The China Hall is one of those buildings that on first stepping inside elicits gasps of wonder – with its high barrel-vaulted ceilings, immense space and visible remnants of its former industrious past. The original Spode factory was established in Church Street, Stoke town in 1776 making thousands of wares each day until its final closure over 230 years later in 2008.
It was Josiah Spode in 1796 that honed what we now know as Fine Bone China on the original Spode factory site, and he is now also recognised for producing the first printed ‘Willow’ patterns from 1784-90s. When the Prince Regent visited the factory in 1806 he appointed Josiah Spode II the ‘Potter to the Prince of Wales’. According to the Spode Museum Trust who are based on the Spode site: ‘Spode’s blue and white transfer printed wares were generally considered to be among the finest ever made’ and the most famous pattern ‘Italian’ is still made to this day.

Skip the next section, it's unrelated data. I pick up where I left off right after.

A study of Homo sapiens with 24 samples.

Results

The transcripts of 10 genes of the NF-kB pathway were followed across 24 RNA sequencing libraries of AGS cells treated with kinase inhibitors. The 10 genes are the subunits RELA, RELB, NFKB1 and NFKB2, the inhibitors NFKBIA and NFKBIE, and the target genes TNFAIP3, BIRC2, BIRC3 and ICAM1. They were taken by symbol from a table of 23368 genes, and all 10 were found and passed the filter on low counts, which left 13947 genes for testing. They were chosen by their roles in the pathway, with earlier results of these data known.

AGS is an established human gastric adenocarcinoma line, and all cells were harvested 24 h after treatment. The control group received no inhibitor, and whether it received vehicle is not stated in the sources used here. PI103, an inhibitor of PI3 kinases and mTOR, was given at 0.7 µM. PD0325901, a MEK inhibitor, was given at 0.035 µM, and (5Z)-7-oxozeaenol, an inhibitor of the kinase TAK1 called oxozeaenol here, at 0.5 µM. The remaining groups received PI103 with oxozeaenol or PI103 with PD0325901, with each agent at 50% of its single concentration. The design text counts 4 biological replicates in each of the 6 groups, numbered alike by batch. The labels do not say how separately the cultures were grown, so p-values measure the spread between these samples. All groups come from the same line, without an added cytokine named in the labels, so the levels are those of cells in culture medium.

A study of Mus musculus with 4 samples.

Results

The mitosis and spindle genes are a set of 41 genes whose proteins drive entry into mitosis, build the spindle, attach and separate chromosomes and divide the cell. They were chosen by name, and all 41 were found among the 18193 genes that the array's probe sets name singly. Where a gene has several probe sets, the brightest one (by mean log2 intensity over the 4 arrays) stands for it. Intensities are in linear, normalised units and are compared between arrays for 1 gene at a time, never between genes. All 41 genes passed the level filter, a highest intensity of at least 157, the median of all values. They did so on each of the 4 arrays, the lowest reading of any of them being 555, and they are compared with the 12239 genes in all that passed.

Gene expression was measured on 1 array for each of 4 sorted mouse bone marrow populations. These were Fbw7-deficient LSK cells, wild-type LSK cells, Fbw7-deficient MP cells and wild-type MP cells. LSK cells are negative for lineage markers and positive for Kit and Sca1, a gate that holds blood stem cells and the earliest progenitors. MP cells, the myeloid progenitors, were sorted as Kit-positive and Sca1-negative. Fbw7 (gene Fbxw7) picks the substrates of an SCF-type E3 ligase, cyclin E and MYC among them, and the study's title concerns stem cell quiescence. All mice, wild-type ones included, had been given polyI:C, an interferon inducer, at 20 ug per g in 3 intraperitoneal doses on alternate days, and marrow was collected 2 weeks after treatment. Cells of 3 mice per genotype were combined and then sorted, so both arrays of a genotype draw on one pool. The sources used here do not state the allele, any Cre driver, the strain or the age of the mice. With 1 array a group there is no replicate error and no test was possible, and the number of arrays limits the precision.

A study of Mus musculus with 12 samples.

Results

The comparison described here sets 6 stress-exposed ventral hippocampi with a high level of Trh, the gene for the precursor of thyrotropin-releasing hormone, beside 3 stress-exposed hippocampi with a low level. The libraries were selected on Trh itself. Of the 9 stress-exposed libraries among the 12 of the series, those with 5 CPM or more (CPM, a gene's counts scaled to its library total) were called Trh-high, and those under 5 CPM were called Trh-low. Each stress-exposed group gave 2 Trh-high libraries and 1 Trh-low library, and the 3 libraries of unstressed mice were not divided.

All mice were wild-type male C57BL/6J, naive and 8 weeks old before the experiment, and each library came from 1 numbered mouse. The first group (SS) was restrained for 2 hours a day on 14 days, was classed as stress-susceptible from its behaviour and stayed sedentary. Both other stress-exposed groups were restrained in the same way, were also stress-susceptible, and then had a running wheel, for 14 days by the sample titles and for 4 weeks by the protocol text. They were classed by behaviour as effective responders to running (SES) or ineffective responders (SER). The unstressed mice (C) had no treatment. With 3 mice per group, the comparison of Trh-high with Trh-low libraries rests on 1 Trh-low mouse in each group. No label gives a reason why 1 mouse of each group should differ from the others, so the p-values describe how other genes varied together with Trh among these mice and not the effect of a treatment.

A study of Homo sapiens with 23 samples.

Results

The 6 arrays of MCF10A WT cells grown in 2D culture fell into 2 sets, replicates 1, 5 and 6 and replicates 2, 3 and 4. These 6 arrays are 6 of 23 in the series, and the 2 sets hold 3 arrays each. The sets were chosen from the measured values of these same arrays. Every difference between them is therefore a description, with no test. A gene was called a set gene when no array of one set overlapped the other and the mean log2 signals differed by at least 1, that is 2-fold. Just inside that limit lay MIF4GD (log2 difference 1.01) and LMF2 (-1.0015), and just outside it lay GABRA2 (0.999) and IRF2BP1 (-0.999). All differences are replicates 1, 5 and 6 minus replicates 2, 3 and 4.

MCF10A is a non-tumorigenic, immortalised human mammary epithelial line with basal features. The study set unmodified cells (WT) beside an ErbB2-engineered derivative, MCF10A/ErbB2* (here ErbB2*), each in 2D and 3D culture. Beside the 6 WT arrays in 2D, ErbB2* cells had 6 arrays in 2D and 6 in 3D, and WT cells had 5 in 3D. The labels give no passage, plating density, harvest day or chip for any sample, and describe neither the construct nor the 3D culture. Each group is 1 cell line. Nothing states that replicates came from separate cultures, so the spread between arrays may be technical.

Following the demise of Spode, local company Portmeirion bought the Spode brand and now produces a range of Spode products using original patterns, including the ever popular ‘Blue Italian’.
It was for the second BCB festival in 2011 that we approached Stoke-on-Trent City Council to support our aspirations to create a festival hun at the original Spode factory site. We have continued to present work in the China Hall for every festival since 2011. We have established a fully operational ceramics studio on site, managed by our Studio Managers Jo Ayre and Sarah Fraser, which supports our community and education activity year-round.